Sandia LabNews

Alloy developed at Sandia has potential for downhole electronics applications in wells


RESEARCHER TOM CRENSHAW (1831) sets up a specimen in a test frame that will pull the solder joint apart to determine its tensile strength. Tom co-authored a paper that won the Best of Proceedings category in the Surface Mount Technology Association’s International 2012 Best Papers conference.          (Photo by Norman Johnson)

An alloy that may improve high-temperature electronics in oil and geothermal wells was really a solution in search of a problem, says Sandia’s Paul Vianco.

Sandia first investigated the gold-silver-germanium alloy about 15 years ago as a possible bonding material in a new neutron tube product. But a design change forced Sandia to shelve the material, says Paul (1831).

Then a few years ago, researchers working on projects with applications inside wells, referred to as downhole, asked the Labs’ geothermal group to develop electronics that can be used to monitor well conditions to keep field operations running efficiently. Circuit boards placed downhole in oil and geothermal wells must withstand high temperatures and pressures, excessive vibrations, and other harsh conditions.

The gold-silver-germanium alloy would be suitable for that environment, Paul says.

It’s technically a solder, but it’s at the upper limits for what’s considered a solder — materials that melt at no higher temperature than 450 degrees Celsius. The American Welding Society deems materials that melt at higher temperatures as brazing filler metals.

Sandia fills niche in downhole uses

The alloy’s potential for downhole electronics gives Sandia a unique niche, Paul says.

Most brazing processes occur at a peak temperature above about 700 degrees C, while most soldering occurs below 350 degrees C, leaving high-temperature electronics few filler materials from which to choose.

“So there’s this no man’s land in which the only materials available are aluminum-based brazing alloys that melt at about 600 degrees C,” Paul says. But aluminum-based alloys are difficult to process for electronics.

In addition, the gold-silver-germanium alloy is lead-free, making it environmentally friendly for geothermal work in countries such as Iceland, which, like the rest of Europe, is moving away from materials containing lead. The alloy’s fundamental mechanical and processing properties also are nearly fully characterized. That’s important because it saves about two years of development that would be required to establish how well the alloy makes a reliable solder joint, Paul says.

“All that’s done,” he says. “We have the preliminary work completed that allows us to consider this material for a range of applications, including downhole electronics.”

Alloy developed from earlier work

The alloy originally was developed from the gold-germanium system, which has traditionally been a die attachment material used in microelectronics packaging. But the neutron tube application required a higher melting temperature, so Paul and colleagues John J. Stephens, now deceased, and F. Michael Hosking, now retired, added silver and adjusted the concentrations to reach a near-uniform melting point for the alloy.

“It was so close to brazing that we didn’t think that there would be much interest in the electronics industry until the option came up for downhole applications,” Paul says.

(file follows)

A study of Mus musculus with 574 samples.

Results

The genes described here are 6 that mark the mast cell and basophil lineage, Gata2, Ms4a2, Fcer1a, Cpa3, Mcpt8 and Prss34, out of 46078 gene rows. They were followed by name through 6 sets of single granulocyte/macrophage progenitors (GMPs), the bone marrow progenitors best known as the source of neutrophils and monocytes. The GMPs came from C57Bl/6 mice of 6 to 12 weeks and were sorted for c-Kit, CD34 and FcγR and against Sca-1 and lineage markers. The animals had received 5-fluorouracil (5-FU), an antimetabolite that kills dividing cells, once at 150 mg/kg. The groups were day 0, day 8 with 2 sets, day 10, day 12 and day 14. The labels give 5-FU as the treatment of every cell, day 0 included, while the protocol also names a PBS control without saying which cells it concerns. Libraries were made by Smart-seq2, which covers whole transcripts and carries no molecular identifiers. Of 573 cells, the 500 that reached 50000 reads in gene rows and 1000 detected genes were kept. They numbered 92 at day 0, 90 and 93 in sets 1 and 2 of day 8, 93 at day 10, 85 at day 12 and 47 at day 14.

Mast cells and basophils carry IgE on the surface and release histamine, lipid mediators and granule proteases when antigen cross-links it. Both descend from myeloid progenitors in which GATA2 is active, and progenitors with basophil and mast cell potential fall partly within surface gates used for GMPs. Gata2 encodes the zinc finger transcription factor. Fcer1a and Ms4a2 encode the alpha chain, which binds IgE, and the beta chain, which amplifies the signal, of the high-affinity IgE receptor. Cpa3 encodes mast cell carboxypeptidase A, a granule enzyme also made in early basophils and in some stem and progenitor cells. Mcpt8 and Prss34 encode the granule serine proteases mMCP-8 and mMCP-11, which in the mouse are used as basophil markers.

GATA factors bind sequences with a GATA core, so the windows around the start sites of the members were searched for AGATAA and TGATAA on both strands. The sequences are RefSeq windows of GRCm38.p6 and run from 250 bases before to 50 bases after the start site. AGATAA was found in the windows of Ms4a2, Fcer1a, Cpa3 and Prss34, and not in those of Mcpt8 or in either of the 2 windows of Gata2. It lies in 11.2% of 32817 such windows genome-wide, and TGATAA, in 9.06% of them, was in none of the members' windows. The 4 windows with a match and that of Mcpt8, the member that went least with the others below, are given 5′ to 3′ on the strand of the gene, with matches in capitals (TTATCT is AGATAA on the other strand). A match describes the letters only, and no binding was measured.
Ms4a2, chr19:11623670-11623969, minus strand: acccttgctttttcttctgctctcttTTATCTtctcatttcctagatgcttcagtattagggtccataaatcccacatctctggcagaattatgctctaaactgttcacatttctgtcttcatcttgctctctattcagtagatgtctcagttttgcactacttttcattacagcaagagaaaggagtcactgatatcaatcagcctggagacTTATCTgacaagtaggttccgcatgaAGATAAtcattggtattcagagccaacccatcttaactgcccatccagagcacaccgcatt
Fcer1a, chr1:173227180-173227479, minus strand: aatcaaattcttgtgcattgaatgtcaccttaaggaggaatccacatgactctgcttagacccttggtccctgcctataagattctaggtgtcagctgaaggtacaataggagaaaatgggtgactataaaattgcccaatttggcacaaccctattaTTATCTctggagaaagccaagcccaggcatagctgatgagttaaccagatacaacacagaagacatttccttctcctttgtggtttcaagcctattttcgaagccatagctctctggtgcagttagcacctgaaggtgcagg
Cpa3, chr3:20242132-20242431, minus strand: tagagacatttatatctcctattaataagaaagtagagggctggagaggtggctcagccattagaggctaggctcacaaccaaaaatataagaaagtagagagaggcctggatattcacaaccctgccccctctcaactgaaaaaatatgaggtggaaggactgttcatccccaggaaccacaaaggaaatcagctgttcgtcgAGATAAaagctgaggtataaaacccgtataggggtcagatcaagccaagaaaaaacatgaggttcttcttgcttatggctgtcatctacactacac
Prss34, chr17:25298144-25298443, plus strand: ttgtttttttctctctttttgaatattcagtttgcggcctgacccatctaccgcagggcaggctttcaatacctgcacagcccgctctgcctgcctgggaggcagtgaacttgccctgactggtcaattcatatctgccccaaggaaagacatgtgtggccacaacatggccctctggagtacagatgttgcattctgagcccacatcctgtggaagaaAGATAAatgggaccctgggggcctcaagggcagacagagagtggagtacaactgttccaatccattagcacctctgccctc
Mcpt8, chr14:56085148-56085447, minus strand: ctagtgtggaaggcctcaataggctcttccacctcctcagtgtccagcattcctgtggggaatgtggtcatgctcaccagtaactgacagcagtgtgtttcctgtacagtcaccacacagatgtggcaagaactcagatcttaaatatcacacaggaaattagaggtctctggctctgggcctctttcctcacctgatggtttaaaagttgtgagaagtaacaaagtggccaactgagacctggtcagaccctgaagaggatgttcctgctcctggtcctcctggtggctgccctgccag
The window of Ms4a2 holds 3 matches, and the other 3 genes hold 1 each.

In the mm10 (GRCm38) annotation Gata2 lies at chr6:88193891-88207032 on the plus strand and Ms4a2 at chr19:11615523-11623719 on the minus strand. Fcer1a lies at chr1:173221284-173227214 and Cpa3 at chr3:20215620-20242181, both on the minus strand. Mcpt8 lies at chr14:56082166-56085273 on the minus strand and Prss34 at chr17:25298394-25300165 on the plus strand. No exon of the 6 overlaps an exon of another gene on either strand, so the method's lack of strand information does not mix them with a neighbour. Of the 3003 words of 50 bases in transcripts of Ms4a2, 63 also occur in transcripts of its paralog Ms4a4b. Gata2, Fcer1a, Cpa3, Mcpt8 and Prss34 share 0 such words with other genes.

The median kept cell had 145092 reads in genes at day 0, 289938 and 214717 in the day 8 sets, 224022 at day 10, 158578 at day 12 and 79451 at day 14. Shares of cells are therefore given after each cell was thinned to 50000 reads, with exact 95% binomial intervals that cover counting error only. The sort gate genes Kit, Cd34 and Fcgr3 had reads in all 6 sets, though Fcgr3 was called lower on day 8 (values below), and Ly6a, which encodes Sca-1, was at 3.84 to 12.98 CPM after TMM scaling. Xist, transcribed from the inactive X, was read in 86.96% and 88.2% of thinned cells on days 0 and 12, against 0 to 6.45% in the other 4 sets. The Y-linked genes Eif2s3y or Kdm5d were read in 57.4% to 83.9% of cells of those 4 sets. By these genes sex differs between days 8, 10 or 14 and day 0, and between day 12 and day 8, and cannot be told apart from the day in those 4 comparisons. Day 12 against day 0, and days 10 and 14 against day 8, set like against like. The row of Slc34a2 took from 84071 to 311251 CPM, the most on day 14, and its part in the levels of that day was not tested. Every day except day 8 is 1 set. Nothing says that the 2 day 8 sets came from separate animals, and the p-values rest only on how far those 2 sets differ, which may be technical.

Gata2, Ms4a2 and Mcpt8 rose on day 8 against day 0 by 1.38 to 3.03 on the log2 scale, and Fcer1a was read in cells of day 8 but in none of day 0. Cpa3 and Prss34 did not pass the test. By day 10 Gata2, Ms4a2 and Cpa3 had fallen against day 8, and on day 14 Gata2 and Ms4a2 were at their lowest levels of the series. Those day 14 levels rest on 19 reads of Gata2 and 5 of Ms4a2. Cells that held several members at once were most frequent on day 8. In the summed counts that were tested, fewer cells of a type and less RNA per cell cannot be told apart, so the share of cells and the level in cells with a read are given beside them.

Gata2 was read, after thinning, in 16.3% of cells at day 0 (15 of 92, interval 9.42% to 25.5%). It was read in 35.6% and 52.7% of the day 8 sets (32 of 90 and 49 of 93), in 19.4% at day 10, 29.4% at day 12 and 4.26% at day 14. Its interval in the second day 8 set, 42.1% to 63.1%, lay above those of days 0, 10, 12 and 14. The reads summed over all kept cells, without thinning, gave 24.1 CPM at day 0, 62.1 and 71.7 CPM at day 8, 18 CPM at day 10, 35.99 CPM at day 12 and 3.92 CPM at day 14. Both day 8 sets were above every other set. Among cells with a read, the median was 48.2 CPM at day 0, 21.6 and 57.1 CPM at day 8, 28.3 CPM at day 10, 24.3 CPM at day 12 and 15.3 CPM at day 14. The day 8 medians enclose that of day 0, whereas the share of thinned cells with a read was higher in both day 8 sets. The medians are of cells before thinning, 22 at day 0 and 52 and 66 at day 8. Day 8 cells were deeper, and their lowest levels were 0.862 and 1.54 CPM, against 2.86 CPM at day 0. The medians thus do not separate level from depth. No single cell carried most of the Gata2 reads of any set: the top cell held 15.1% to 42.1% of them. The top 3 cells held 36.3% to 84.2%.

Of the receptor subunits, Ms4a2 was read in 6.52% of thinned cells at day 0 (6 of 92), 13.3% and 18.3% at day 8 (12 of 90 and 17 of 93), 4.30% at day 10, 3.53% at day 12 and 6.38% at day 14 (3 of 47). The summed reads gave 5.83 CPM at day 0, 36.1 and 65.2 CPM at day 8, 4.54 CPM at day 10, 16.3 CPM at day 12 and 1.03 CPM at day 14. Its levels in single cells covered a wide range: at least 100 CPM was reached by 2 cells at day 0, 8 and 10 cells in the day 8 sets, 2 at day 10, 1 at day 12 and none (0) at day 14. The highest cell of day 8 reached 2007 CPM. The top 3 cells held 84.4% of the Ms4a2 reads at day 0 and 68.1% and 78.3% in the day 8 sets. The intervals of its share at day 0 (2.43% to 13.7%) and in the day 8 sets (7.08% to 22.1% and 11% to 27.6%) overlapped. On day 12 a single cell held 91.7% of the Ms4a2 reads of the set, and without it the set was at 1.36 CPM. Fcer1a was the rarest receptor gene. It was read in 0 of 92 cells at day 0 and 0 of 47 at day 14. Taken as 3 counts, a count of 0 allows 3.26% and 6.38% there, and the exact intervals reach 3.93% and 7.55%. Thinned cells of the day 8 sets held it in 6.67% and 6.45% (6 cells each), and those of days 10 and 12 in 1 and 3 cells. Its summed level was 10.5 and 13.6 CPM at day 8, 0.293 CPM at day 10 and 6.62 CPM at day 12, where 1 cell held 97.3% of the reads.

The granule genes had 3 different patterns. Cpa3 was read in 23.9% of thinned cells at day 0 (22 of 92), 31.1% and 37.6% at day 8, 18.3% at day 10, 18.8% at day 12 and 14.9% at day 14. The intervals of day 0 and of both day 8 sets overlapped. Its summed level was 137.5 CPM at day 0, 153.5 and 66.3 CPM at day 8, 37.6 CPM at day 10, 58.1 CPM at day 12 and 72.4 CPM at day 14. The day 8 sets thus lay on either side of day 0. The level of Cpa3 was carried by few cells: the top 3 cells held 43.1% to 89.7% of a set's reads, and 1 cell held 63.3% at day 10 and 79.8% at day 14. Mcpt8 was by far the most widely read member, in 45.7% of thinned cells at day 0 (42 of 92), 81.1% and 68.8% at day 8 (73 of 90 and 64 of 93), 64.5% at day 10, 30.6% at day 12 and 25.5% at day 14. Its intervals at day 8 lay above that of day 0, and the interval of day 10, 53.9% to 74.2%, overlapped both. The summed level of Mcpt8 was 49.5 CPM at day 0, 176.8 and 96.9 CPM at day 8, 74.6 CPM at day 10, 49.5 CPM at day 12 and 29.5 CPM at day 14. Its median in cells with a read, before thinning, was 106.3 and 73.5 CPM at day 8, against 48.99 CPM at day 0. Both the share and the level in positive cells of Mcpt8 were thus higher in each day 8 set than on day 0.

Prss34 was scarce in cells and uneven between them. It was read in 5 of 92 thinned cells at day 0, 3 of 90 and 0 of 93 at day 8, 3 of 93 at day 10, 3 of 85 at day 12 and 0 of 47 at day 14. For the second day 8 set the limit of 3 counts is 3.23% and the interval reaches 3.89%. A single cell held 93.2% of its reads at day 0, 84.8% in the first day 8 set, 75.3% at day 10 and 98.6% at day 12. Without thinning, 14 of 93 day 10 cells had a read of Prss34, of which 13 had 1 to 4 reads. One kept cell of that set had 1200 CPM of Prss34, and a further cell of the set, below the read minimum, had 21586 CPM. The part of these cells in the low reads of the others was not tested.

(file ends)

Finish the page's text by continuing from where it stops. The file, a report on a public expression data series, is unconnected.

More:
He’d like to develop the material to a prototype stage for geothermal and oil and gas well tools. “We really think it is a material that’s suitable for these higher temperature applications,” Paul says. “In this no man’s land of filler metal technology, there are really not a lot of options out there other than lead-containing alloys. Companies are exploring lead-bearing solders, albeit begrudgingly so.”

When interest in downhole applications arose, information on the alloy from the mid-1990s needed to be pulled together, says Paul, who has worked in soldering and brazing technology at Sandia for 26 years. He and his colleagues resurrected and re-evaluated the data, and Paul wrote a paper assessing its properties. That wasn’t as easy as it might sound.

“Photographs were all on film; we had to scan these pictures into an electronic format. Documents and presentations were in unusable formats or archived on software that is no longer supported by the Labs. So everything was brought up to a level that is compatible with current computer resources,” he says.

Paper compiled research data

The paper, “Ag-Au-Ge Alloys for High Temperature Geothermal and Oil Well Electronics Applications,” won the Best of Proceedings category in the Surface Mount Technology Association International 2012 Best Papers conference announced in January. Paul will receive the award at SMTA’s meeting in October in Fort Worth, Texas.

He wrote the paper largely to compile the data in case interest developed within the oil, gas, and geothermal industries, and he hadn’t planned to submit it for publication. But SMTA International, aware of Sandia’s leadership role in soldering technology, asked the Labs to provide a paper for a session on alternative solders for electronic applications, so Paul submitted it.

He believes Sandia might be able to use the gold-silver-germanium alloy as a joining material in high-precision components.

The paper and the publicity surrounding the award have raised awareness of the alloy as well as the growing need for high-temperature materials for downhole electronics, Paul says. “This is how tech transfer works the best — publish the material and let the folks who have the need become aware of it and then work with their specific applications,” he says.